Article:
Lewis HS Hosts Education Sec. Cardona, Surgeon General Murthy for National Mental Health Forum
John R. Lewis High School was honored to host U.S. Secretary of Education Miguel Cardona and U.S. Surgeon General Vivek Murthy this week for a national town hall on mental health and schools.
“We know learning is going to go better when you’re feeling better mentally,” Fairfax County Public Schools Superintendent Dr. Michelle Reid, Ed.D., said while welcoming more than 200 Lewis High School students to the forum. “This is the number one topic on the minds of our students, our staff, our community and our country. It is so important that we talk about mental health, because we can’t work to improve things that we aren’t openly discussing.”
A panel discussion included questions from Lewis HS students and insights from Sec. Cardona, Surgeon General Murthy, CDC Director for the Division of Adolescent and School Health Kathleen Ethier, and Dr. Mike Axler, Acting Director, Intervention and Prevention Services at Fairfax County Public Schools.
The town hall gathering came days after the release of a Centers for Disease Control and Prevention report that found in 2021, “almost 60% of female students experienced persistent feelings of sadness or hopelessness during the past year and nearly 25% made a suicide plan.”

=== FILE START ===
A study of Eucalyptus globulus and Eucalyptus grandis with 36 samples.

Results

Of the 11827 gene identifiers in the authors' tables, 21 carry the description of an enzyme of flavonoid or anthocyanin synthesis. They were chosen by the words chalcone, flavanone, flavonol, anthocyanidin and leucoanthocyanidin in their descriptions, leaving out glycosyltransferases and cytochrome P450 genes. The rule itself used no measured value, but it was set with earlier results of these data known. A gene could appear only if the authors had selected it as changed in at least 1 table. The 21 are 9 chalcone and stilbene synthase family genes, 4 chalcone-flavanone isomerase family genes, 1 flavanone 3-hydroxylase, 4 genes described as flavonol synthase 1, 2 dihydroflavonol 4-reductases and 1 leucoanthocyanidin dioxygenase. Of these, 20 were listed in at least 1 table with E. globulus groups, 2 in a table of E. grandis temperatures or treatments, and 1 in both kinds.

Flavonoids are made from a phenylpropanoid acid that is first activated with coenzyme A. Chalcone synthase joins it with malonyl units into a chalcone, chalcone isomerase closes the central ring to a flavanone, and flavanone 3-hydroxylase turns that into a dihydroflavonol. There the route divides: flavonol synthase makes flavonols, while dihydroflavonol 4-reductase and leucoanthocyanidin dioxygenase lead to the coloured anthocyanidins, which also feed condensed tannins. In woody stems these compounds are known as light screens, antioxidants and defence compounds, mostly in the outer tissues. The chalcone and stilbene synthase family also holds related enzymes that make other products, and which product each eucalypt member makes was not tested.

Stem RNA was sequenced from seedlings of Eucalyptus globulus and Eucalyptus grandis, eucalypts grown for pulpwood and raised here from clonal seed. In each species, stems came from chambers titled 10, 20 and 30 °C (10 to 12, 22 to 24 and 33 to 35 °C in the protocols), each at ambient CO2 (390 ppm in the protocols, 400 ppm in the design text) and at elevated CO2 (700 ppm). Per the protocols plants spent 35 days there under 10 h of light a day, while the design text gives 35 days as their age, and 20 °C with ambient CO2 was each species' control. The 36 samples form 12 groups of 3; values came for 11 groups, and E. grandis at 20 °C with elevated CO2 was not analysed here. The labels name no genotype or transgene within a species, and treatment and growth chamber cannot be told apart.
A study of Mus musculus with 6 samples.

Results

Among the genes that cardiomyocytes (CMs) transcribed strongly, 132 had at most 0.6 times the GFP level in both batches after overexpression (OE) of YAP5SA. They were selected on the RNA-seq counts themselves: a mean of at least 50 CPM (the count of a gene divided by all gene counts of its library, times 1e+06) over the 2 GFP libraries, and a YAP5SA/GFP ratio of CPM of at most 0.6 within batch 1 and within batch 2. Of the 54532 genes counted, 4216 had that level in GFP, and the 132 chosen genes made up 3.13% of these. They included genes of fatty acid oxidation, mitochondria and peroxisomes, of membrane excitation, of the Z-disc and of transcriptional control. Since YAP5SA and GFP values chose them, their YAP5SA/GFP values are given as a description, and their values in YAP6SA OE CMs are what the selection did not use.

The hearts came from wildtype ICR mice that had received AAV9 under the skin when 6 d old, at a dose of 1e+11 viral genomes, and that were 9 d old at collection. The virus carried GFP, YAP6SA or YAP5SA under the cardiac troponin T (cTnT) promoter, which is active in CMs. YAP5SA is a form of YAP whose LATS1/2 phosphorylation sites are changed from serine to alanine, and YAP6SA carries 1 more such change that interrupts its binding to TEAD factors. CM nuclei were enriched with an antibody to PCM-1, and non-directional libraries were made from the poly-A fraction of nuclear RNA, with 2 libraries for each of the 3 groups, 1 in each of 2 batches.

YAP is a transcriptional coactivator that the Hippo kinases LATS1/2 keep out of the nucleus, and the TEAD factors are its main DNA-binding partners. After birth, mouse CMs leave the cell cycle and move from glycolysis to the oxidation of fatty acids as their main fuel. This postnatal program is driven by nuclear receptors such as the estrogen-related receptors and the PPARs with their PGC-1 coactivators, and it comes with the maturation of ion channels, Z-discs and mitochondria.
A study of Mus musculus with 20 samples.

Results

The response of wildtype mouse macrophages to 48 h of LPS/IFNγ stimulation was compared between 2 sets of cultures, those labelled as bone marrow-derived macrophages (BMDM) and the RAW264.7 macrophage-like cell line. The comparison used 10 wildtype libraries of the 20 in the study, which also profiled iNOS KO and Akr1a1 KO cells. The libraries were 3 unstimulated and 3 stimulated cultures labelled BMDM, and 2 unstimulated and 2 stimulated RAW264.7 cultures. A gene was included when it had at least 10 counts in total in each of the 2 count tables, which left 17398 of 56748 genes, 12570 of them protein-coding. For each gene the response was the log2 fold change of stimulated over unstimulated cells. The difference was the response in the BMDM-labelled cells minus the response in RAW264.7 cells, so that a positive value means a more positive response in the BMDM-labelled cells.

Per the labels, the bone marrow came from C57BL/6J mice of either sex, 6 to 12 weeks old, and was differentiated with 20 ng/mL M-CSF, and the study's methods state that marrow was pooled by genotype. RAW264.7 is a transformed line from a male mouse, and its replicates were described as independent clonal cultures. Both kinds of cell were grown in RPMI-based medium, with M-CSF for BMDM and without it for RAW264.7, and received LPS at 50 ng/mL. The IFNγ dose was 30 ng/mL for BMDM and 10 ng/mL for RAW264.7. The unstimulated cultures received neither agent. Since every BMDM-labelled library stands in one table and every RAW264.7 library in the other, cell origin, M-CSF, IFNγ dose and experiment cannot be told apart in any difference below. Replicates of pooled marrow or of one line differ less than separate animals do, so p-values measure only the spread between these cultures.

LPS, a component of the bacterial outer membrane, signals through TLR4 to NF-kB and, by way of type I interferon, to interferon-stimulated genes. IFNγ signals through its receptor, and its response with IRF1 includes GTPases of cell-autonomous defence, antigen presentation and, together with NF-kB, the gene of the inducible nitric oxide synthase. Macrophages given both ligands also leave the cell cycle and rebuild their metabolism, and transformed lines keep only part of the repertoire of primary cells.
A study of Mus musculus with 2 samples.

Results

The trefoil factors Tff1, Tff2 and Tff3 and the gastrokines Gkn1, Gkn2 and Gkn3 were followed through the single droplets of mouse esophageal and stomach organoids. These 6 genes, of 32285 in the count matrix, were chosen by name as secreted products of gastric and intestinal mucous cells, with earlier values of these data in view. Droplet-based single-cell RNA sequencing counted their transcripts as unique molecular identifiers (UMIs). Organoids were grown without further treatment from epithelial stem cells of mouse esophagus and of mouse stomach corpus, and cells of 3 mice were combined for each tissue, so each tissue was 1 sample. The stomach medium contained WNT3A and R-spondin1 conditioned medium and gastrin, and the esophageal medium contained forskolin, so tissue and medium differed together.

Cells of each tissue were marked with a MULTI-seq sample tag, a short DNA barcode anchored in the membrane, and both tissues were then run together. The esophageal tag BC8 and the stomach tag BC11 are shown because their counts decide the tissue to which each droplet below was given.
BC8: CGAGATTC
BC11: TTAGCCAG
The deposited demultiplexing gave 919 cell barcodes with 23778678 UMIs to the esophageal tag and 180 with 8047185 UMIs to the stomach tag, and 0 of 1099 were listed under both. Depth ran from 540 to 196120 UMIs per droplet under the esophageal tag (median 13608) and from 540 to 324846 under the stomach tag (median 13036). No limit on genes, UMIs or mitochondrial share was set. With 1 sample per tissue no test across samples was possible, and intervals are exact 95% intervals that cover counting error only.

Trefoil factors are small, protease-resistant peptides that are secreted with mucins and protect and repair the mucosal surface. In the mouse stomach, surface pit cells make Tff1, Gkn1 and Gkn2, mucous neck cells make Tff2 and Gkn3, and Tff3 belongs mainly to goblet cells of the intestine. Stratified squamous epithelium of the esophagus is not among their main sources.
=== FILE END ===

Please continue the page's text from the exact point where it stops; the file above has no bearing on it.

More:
Surgeon General Murthy said he worries the country becomes “numb to these numbers.”
“These are not normal numbers, this should not be happening in our society,” he said, while calling out multiple contributing factors to the crisis, including social media content, anxiety over the environment and climate change, the pressure to succeed and violence across the U.S.
Panelists also discussed mental health grants under the Bipartisan Safer Communities Act and the urgent need for support to address the mental health crisis.
FCPS will use its Department of Education grant to provide prevention and early intervention services, increase student access to school-based mental and behavioral health services, provide targeted and timely mental health consultations, and reduce caseloads for mental health service providers.
“The mental well-being of our students will determine their level of success more than whether they can read or not. Period.,” Cardona said at the Lewis HS event.